New Delhi is both the best and worst place to begin an itinerary in India: the best, because making the transition from a Western environment to an Indian one is easier in a city that is relatively clean and uncluttered; and the worst because in some respects New Delhi is at once the least exotic and least "Indian" town in India.

Delhi is actually two cities: New Delhi with its broad boulevards, parks, fountains, impressive government buildings, and embassies; and Old Delhi with its historic landmarks, crowded streets, bazaars, and all those cows.

American Embassy: Designed by Edward Durrell Stone and opened in 1959. It's a graceful building, cool, spacious, dignified, and welcoming. It is fronted by a mosaic grillwork of white stone and enhanced by a fountain-lined reflecting pool

National Gallery of Modern Art: Jaipur House, near India Gate, deals with Indian art from the middle of the last century on, and is a lesson in the sensitivity of artists to foreign influence. Daily, except Monday, from 10-5.

Humayun's Tomb: The enormous sandstone and marble mausoleum of Emperor Humayun began a new style in monuments and this design may have been the inspiration for the later Taj Mahal at Agra. The tomb holds not only the body of Humayun, but also that of his widow and later members of the dynasty. The tomb is set in an attractive garden and its symmetrical dome is lined on the bottom with what appear to be guest rooms but which are actually different vaults for members of the royal line.

Qutb Minar and vicinity: The fluted tower of Qurtb Minar was built of hard, red sandstone nearly 800 years ago. The tower is fat at the bottom and tapers to a narrow platform at the top, 230 feet above. Its interior spiral stairway is as sound today as when it was first built. The beautiful tower stands in the attractive gardens of India's first mosque which is now partially in ruin. In these ruins stands a 24-foot shaft of iron, worn shiny about a fifth of the way up, by the arms of countless people who believe the legend that it brings good luck to join their hands behind their back behind the pole.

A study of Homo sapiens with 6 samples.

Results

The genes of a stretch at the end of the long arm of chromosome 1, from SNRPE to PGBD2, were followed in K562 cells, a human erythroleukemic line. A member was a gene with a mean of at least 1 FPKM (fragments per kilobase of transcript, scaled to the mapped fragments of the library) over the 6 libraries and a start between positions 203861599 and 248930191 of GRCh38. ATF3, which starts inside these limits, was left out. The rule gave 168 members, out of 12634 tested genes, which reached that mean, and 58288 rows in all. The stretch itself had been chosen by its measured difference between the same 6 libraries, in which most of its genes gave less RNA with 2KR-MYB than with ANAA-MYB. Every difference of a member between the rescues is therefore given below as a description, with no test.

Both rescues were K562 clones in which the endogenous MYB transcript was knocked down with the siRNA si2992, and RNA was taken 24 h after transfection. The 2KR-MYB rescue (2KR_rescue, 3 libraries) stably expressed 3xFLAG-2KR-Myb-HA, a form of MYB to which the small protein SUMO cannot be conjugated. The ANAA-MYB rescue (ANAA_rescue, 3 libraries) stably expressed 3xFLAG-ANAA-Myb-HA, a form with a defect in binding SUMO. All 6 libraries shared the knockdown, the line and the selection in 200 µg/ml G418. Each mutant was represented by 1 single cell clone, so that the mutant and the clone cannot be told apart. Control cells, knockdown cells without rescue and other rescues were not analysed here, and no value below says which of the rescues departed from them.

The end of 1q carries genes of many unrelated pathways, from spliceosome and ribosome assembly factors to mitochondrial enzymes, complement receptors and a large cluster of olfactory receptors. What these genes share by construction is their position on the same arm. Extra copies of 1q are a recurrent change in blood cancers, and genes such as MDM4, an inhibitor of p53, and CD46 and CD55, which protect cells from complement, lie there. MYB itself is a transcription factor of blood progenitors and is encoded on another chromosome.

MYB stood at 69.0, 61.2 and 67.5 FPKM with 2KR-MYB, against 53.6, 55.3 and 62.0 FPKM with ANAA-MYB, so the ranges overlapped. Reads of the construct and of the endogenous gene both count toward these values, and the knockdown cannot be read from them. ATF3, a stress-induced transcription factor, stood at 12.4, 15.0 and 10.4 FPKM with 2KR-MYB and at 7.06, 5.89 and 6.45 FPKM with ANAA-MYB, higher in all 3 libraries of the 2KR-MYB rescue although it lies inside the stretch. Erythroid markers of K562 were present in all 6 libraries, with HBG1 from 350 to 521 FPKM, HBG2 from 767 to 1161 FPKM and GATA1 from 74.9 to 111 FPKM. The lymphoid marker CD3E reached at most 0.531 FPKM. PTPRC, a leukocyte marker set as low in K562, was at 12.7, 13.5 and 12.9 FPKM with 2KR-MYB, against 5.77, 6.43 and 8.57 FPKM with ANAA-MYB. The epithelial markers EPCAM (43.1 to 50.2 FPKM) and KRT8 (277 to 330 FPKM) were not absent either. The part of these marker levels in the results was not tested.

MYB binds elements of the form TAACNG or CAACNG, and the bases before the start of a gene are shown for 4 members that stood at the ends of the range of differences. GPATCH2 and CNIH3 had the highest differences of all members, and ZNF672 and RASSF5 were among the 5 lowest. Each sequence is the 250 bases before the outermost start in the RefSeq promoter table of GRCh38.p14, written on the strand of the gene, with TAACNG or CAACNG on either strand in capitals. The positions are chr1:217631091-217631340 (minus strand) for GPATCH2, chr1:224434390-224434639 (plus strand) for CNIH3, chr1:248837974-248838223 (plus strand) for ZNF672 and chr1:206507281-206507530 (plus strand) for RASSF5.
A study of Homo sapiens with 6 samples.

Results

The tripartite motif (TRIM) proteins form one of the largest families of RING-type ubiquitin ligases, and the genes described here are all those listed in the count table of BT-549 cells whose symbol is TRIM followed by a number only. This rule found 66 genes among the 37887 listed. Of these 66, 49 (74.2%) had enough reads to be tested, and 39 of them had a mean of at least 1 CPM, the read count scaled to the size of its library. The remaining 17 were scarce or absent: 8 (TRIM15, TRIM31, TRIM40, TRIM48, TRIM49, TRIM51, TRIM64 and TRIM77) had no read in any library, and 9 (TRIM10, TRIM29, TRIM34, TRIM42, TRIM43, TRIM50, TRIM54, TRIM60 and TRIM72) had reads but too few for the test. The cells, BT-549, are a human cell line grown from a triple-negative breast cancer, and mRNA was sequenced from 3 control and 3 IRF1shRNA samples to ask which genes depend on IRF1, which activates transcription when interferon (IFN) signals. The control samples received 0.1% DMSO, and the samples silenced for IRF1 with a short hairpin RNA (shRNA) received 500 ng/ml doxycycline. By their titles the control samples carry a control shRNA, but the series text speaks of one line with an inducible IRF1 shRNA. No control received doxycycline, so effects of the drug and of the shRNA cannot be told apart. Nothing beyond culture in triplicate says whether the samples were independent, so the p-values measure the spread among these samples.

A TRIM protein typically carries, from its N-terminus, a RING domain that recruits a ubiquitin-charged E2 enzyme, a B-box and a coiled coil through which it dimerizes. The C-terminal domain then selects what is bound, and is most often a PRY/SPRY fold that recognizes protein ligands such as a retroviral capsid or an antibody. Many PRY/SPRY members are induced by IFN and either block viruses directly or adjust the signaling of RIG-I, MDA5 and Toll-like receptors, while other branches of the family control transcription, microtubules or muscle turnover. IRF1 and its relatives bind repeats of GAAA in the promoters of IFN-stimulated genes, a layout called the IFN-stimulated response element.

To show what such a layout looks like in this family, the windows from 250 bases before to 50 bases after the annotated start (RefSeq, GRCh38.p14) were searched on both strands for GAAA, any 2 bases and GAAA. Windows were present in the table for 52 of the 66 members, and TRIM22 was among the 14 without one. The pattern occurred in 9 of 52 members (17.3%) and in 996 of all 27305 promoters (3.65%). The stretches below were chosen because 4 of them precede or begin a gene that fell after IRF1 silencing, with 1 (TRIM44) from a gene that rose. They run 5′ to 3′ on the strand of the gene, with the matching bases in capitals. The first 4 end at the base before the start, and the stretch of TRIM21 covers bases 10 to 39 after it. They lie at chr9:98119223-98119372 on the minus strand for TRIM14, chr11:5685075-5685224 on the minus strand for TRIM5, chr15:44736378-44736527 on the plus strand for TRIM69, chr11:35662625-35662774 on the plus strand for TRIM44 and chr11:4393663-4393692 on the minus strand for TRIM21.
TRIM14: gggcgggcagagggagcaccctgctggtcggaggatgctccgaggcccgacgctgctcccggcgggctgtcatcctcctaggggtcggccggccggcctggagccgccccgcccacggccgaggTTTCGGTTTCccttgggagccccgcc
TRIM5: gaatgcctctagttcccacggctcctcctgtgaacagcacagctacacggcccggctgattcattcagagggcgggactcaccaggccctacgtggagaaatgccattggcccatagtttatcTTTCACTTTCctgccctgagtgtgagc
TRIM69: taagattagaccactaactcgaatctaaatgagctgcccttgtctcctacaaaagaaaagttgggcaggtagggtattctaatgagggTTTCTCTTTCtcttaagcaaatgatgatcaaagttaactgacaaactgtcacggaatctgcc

New Delhi: Go through the India Gate and you'll be on Rajpath, scene of numerous parades and the site of the main governmental buildings. India's Parliament is the circular structure where members of the two houses come from every region. Nearby is the impressive Rashtrapatl Bhavan, the Presidential Palace, with 340 rooms and 330 surrounding acres of gardens. This was the imperial abode of the viceroy when India was the jewel in England's crown of colonies. About l 1 kilometers from Parliament is the Nehru Memorial Museum, where the late Prime Minister Nehru lived for 16 years. The interior has been preserved just as he left it. That's about it for New Delhi. Now move on to the far more interesting Old Delhi.

Old Delhi: The Red Fort, an immense, heavily guarded palace built of red sandstone. It is magnificent, with inner gardens, marble buildings and interesting architecture. But it was once more impressive and housed the famous Peacock Throne in a room whose ceiling was solid gold. The Persians invaded and looted these and almost everything of value. The Jama Masjid Mosque, begun in 1644 and completed in 1658 is an impressive building almost opposite the Red Fort. Its two 130 foot high minarets dwarf the hundreds of jam-packed stalls nearby. On the other side of town, the Sri Lakshmi Narayan Hindu Temple houses a colorful collection of carved and decorated marble, plus turrets and towers of red and yellow sandstone. It was built in 1938. It is always thronged with white-robed pilgrims, some of who will invariably be squatting before the full-color statue of Lord Krishna in the main hall.

Mahatma Gandhi's Cremation Site: This site is maintained as a tranquil open-air shrine open to all every day. It is not far from the Red Fort. After a walk through a grassy park, you come to the Gandhi Shrine proper, a stone-enclosed garden in the center of which is a black marble slab in scribed with Gandhi's last words, "O God". Gandhi was shot by a Hindu fanatic at a meeting in 1948.

The Delhi Zoo: The zoo is like a spacious park in which many of the animals appear to roam free. It's a lovely place to wander around. Don't miss the rare white tiger.